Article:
Previous Challenge Entry (Level 4 – Masters)
Topic: GREED (03/08/18)
By Ann Grover
“It’s most inappropriate for you to intrude upon my prayer time.”
Ada was a wisp of a thing, tidy and quick, both admirable virtues, but alas, attributes often negated by her ineptness and gracelessness. She’ll come around, given enough time, Henry often said, though he believed there wasn’t enough time in eternity for Ada to improve.
“Begging your pardon, but me mother’s poorly, and I thought I could go home early.”
After sipping his tea and pausing in grave contemplation, Henry said, “You’ll not be shirking your responsibilities, Ada.”
Ada hung her head.
“‘Forsake not the work of thine hands.’ Psalm one hundred thirty-eight, verse eight. Run along now. Back to work”
Henry was pleased with the way he’d handled young Ada, smiling as he dabbed at a clot of preserve he’d dribbled on his vest. When his blotting proved ineffective, he called Ada back to his table.
“The preserves are inordinately thin. Did you add water to the jam pot?”
Ada, wide-eyed, shook her head.
“I shall dock your wages, nevertheless. Mind you attend to my vest before you leave today, and in truth, you’ve been negligent toward my entire wardrobe. It’s disgraceful for a man of my standing to have sullied attire. Go now, finish your tasks.” He shooed her away.
“And fetch me more scones, at least three, and some ham. And is there any raisin cake?”
Ada walked home by moonlight.
The Reverend Henry William Bounsell had a restless evening. In his defense, he was burdened for his congregation, first mulling over Ada and her carelessness, which led him to consider the lack of commitment in Bertie, who seldom attended church and tossed miserably few tarnished pennies into the offering box when he did. Ruminating on the offering brought others to Henry’s mind: Stanley and Bertha and Mary and George and Arthur and Martha, all remiss in stewardship and commitment, all lacking the wherewithal to think for themselves. Children, all of them, simple-minded.
Thereupon the good minister was assailed by a bout of turbulent indigestion, which he treated most satisfactorily with a glass of ale and a plateful of buttered oatcakes. While brushing the crumbs from his nightshirt, he noticed the worn spot on the arm of his chair and became keenly aware of the lumpy cushion tormenting his broad backside. Indeed, the settee, carpet, and draperies were all quite shabby, and not even Ada’s diligent polishing and artful placement of antimacassars and doilies could disguise the air of dereliction.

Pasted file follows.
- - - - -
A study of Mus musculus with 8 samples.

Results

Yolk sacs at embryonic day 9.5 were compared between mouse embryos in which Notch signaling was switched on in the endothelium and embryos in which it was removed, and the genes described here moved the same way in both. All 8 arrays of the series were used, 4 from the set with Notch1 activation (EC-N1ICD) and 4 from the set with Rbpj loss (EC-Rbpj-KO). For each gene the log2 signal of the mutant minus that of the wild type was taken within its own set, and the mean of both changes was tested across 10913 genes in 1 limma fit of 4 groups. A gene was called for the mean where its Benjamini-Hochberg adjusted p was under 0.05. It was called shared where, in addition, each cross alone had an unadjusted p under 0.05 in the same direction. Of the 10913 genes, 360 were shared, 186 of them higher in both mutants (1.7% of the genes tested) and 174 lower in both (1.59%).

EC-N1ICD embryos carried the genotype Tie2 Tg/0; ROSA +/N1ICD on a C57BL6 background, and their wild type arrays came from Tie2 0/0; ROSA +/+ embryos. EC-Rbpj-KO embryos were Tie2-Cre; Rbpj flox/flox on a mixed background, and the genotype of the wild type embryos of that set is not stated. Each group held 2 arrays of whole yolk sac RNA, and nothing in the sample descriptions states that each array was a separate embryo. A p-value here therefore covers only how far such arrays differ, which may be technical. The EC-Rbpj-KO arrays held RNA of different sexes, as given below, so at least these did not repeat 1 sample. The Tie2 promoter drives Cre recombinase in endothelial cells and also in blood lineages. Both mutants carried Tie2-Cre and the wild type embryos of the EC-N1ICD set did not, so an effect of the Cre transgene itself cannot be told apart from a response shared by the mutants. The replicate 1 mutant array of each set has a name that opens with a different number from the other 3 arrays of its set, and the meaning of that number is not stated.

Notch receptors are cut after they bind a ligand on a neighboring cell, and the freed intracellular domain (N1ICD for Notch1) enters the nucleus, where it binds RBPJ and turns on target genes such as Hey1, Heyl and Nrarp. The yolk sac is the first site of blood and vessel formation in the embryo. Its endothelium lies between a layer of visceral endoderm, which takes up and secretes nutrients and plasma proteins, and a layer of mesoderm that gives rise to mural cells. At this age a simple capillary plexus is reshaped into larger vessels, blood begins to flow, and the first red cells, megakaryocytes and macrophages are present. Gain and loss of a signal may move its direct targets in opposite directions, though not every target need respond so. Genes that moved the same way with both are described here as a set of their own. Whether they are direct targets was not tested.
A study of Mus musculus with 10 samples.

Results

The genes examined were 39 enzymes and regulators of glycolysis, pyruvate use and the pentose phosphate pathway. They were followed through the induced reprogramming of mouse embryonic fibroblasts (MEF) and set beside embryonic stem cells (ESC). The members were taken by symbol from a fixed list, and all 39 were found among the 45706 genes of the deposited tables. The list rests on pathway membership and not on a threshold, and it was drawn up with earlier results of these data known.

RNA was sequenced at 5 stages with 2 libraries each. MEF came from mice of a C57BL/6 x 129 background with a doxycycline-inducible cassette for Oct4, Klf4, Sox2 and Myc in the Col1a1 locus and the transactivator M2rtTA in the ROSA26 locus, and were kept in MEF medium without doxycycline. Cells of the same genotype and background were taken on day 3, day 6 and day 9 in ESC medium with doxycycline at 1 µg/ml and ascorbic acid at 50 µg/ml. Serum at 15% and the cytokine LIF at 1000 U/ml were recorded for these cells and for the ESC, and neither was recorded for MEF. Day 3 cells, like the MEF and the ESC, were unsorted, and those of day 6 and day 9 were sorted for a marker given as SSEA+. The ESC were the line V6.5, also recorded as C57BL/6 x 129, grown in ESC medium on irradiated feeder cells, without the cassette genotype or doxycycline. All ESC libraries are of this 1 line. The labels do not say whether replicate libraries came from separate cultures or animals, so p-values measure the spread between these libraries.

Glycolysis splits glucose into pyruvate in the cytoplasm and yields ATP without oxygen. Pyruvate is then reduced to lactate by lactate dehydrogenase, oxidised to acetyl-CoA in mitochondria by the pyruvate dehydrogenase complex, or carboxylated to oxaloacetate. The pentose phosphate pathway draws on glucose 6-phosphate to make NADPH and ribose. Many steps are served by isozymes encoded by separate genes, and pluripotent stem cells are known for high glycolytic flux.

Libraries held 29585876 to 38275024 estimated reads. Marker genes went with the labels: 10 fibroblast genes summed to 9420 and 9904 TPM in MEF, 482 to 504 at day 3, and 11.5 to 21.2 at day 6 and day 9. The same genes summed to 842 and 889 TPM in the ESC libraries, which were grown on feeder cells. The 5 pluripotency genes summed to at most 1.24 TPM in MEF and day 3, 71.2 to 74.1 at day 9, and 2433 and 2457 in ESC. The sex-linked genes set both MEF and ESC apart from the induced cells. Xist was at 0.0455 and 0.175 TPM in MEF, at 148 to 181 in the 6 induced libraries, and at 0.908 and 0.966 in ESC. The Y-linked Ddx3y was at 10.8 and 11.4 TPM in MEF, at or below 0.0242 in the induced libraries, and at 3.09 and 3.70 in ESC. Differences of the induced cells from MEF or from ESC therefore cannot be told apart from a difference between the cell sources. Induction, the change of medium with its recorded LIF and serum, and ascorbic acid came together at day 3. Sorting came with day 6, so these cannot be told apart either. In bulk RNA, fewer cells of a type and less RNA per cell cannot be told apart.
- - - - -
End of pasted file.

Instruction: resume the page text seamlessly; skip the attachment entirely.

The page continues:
It narrowed down to skimpy offerings and scant respect. Enough with the chickens and loaves and potatoes and eggs and apples. No more fobbing him off with oiled latches and repaired shingles and trimmed hedges. It was maltreatment, pure and simple. He could not be expected to live in such grasping penury, such hardship.
“I’ve been denied my due. ‘Thou shalt not muzzle the ox.’ Deuteronomy twenty-five, verse four.”
He’d endured enough. It was time to put his foot down. He’d write to the diocese and demand an increase to his measly stipend. He’d invite the bishop to pay a visit, to view the squalid manse for himself, and give a word to Henry’s wayward and recalcitrant congregation. That’ll bring them to their knees and remind them of their duties. To God, the church, and especially their suffering minister.
Smiling, and feeling heartened by the prospect, Henry shuffled to the kitchen and rummaged in a cabinet. His fingers found what he sought, a bottle of parsnip wine left on his front step by George the smithy, after the funeral of George’s beloved wife. Henry poured himself a glassful of the pale amber liquid, a toast to happy times ahead.
“‘Ask, and it shall be given.’ Matthew something or other.” He swallowed, then released a rumbling eructation. “I deserve better. I deserve more. After all, I am the Reverend Henry William Bounsell.”